Flat-Rate VAT Changes


Flat- Rate VAT Changes

Flat Rate Scheme VAT – Autumn Statement

What is the Flat Rate VAT Scheme?

In our August 2016 newsletter we reviewed the scheme and it’s associated benefits/ drawbacks, the blog post can be found here.

What’s proposed to change?

From April 2017 a business using the the Flat Rate VAT Scheme will need to determine whether they meet the criteria of a limited cost trader (see below), if they do then the new 16.5% rate would apply.

Am I a limited cost trader?

A limited cost trader is a business that spends either of the below on goods (not services) in a prescribed accounting period:-

  • Less than 2% of their VAT inclusive turnover.
  • Greater than 2% of their VAT inclusive turnover but less than £1,000 per annum.

What goods qualify?

Firstly, they must be goods, not be deemed a service and be used exclusively for the purpose of business.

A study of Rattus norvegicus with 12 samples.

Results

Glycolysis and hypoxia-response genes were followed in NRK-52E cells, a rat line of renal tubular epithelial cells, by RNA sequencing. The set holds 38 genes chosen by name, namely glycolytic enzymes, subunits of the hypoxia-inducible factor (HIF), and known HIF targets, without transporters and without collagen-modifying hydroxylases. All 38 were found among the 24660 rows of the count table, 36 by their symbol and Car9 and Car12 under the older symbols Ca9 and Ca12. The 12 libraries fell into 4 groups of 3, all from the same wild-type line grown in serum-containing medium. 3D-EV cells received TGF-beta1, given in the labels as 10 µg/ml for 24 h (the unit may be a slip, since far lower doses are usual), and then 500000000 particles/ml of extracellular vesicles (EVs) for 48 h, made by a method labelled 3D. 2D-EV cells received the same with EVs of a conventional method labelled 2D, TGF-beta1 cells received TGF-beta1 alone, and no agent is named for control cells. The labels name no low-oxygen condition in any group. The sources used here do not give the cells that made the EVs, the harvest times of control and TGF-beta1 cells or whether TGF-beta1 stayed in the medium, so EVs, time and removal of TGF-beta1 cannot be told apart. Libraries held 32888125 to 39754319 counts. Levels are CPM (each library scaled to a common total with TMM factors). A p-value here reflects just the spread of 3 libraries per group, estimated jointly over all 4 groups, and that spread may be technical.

Secondly, the following items would be excluded when calculating the 2%:-

  • Capital expenditure e.g computers, plant & machinery & fixtures & fittings.
  • Food & drink for the consumption by the business or it’s employees.
  • Vehicles, parts & fuel (unless that is the principal activity of the business)

I’m a contractor/ freelancer and classified as a limited cost trader, what does this mean?

The new VAT rate will squeeze the previous VAT flat rate margin being made to a very minimal amount, see below example:-


£100,000 + 20% VAT = £120,000 x 14.5% (old rate dependent on activity) = £17,400 payable

New (limited cost trader)

£100,000 + 20% VAT = £120,000 x 16.5% = £19,800 payable

Margin lost = £2,600 – £200 = £2,400

Can I invoice upfront before 1 April 2017?

No, this would be deemed forestalling, which is covered in HMRC’s recent anti-avoidance release.

What happens now?

We await secondary legislation on 5 December 2016 for further clarification.

If you are unsure on any of the above detail, please do not hesitate to reach out to your accountant at djca.